We weren’t downtown a week ago when it happened having spent the previous day and night at the cottage with friends. The first reports of the horrific Barcelona van attack had reached us sometime between dinner and sauna bathing.
On Friday afternoon, when we were on an outing on the Ruissalo island my son living in Helsinki called checking on us. He had just read an alarming piece of news about several stabbings in Turku only one block from where we live.
We later learned I got the call 30min after the police had received the first report of the incident and the perpetrator had been caught three minutes thereafter by shooting him in the leg.
During those few minutes, the 18-year-old Moroccan – should those be his actual age and nationality – had managed to stab eight women plus two men who had rushed to the rescue of the victims. He started the attack at the market square and tried to flee running two blocks towards another square, the one under which we have our rented parking space, slashing his knife or maybe two arbitrarily stabbing female passers-by on his way.
Two of the victims died, two are still in intensive care connected to a ventilator because of injuries in the neck area. For the very first time in our country the crime is now investigated as an act of terrorism.
My first emotion was disbelief. Surely not in our beautiful tranquil hometown with less than 200,000 inhabitants, surely not in the middle of a sunny Friday afternoon in Finland, the safest country in the world. By the time of our first visit to the site on Saturday, the feeling had turned into sorrow not only because of the innocent victims but also because of the disturbing fact that even in this day and age there are people who can be lured to believe in violence.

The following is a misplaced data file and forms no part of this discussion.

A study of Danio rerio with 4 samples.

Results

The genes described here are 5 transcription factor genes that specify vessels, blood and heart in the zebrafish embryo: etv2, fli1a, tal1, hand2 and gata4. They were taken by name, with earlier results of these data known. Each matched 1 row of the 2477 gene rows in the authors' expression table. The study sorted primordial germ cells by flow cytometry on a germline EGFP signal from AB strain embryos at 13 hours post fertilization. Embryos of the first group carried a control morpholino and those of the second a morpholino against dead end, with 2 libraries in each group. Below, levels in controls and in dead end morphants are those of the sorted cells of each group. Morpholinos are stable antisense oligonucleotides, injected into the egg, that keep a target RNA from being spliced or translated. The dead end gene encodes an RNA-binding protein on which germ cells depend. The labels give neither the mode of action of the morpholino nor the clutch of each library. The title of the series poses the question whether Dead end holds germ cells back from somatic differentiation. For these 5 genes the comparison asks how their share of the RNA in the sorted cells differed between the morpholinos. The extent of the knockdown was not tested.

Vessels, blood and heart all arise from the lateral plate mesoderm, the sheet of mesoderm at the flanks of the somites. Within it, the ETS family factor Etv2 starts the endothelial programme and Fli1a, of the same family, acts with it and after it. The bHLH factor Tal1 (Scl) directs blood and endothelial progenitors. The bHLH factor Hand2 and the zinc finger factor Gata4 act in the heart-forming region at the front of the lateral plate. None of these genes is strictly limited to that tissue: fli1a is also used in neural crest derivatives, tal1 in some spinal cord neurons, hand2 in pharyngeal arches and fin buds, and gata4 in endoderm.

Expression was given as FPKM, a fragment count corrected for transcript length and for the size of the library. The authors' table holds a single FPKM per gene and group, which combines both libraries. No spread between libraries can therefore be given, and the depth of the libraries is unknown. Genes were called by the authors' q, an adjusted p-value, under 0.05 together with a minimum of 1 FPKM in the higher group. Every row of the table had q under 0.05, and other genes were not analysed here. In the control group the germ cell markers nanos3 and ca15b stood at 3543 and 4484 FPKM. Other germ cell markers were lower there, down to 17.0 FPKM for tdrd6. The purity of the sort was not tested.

What also makes me sad is domestic intolerance, the people who are eager to label every innocent foreign-looking person, even children who were born here, somehow accountable for the actions of a misguided madman. Even after they’ve learned that several of the men rushing to help or running after the attacker were immigrants, one of them an asylum seeker even.
Thankfully, there’s been no sign of hostility on the site where the tragedy started. My steps have taken me there many times this past week. There’s been a continuous flow of candles and flowers to the corner of the market square. Standing by them feels like you were observing last Sunday’s one-minute silence inside and all around you over and over again. Everything is quiet and peaceful there. It’s been a shared experience of healing and empowerment. Most importantly, there’s no place for fear in our hearts. After all, how could you ever safeguard yourself against the random madmen of this world other than through education and caring.